On the road, again.

The Phillies are playing like defending champions. While the Dodgers never quite loosened up in the NLCS, Philadelphia was relaxed and confident from the outset. Once again, the deciding blow came in Game 4, when they got to the Dodgers closer, Jonathan Broxton. After that, victory was a foregone conclusion.

Although my rooting interest was resoundingly with the Dodgers, a team which I've watched mature and thrive during the four years I've been living in SoCal (see the evidence of my deep-seeded affection for Russell Martin's boys in blue here, here, and here ), after Game 4 I realized that it was in my own best interests, in the long run, to get this series over quickly. There appeared to be no way that L.A. was going to beat Pedro Martinez and Cliff Lee, even at home, if it came to that. And, for the sake of my mental health this winter, I need the Phillies to beat the Yankees (assuming that, as seems inevitable now, New York is indeed the American League representative in the World Series). Three months of offseason coverage dominated by fawning over Jeter, hypocritical A-Rod forgiveness, and general Bronxcentric self-congratulation and greed-mongering could bring on a case of Seasonal Affective Disorder unlike any I've experienced since the "Bartman incident."

So, the good news is (and there isn't a lot of it, at least not unless the Halos put a hurtin' on A. J. Burnett this evening), the well-rested Phillies stack up against the Evil Empire as well as about any team in baseball. They went to Yankee Stadium in late May and won two out of three. They might've swept if it hadn't been for one of Brad Lidge's patented meltdowns. Now, of course, the regular season doesn't mean a whole lot at this point and in late May the Yankees had only just begun playing well (they had won nine straight going into the Phillies series). All I hope to suggest is that the Phillies (unlike many potential opponents) have had some recent success against the Yanks in New York and thus might be able to muster a little extra confidence.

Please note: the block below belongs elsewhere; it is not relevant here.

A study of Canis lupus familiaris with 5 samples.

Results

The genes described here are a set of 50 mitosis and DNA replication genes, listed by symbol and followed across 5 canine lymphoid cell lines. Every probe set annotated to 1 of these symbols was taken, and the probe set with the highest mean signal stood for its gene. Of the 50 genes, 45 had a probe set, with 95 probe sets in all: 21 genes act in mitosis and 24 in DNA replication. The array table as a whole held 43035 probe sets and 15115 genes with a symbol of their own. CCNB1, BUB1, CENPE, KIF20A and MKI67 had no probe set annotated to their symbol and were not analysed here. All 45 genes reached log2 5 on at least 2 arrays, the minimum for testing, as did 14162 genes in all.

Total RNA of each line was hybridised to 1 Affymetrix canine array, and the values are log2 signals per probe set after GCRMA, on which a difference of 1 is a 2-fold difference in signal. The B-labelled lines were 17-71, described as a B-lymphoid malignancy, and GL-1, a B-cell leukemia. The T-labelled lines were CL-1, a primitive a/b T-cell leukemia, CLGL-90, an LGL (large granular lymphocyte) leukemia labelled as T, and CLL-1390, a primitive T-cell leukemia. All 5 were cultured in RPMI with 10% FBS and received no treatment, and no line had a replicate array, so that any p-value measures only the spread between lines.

There are other reasons to be optimistic as well. Thanks to the brevity of the NLCS, Philadelphia will be able to throw a very well-rested Cliff Lee in Game 1, and, presumably, Game 5 as well. In his last three starts against New York, including one at Yankee Stadium earlier this year, Lee has allowed only three earned runs in nineteen innings (1.89 ERA). In his last six starts with six or more days of rest, Lee is 5-1 with a 2.25 ERA. Philadelphia can also bring Cole Hamels back for two starts. Hamels, despite his up-and-down 2009 campaign, pitched well in that series in New York in May, giving up only two earned in six innings. In his only other career start against the Yankees he allowed just two earned in seven innings.

Unfortunately, I can't suggest that the Yankees struggle against left-handed pitching generally. As a team, they were almost exactly equal in their winning percentages and hitting splits against righties and lefties in '09. As individuals, only Johnny Damon and Jorge Posada suffer significant dropoffs (50+ pts.) in OPS against lefties, which were easily compensated for by significant gains for Derek Jeter and Hideki Matsui (surprising, right). What one can postulate, however, is that good left-handed pitching (for both teams, to be fair) might make the short right-field porches in both Yankee Stadium and Citizens Bank Park slightly less of an issue, as it will turn the switch-hitters (Texeira, Swisher, Posada, and Cabrera) around and sap Damon, at least, of some of his power.

Some other good news for...everybody with a soul. The Phillies have a limited history of success against C. C. Sabathia. Rollins, Victorino, Howard, and Ruiz have all hit well over .350 against him, though none has had more than seven at-bats. Raul Ibanez, who did face Sabathia more than forty times during his tenure in the AL, has compiled a very respectable .525 SLG and 851 OPS against him. If the Yankees clinch before Game 7, you can bet Girardi will again schedule The Big Sleep for three starts in the World Series. It will be crucial that the Phillies find a way to get to him on at least one occasion.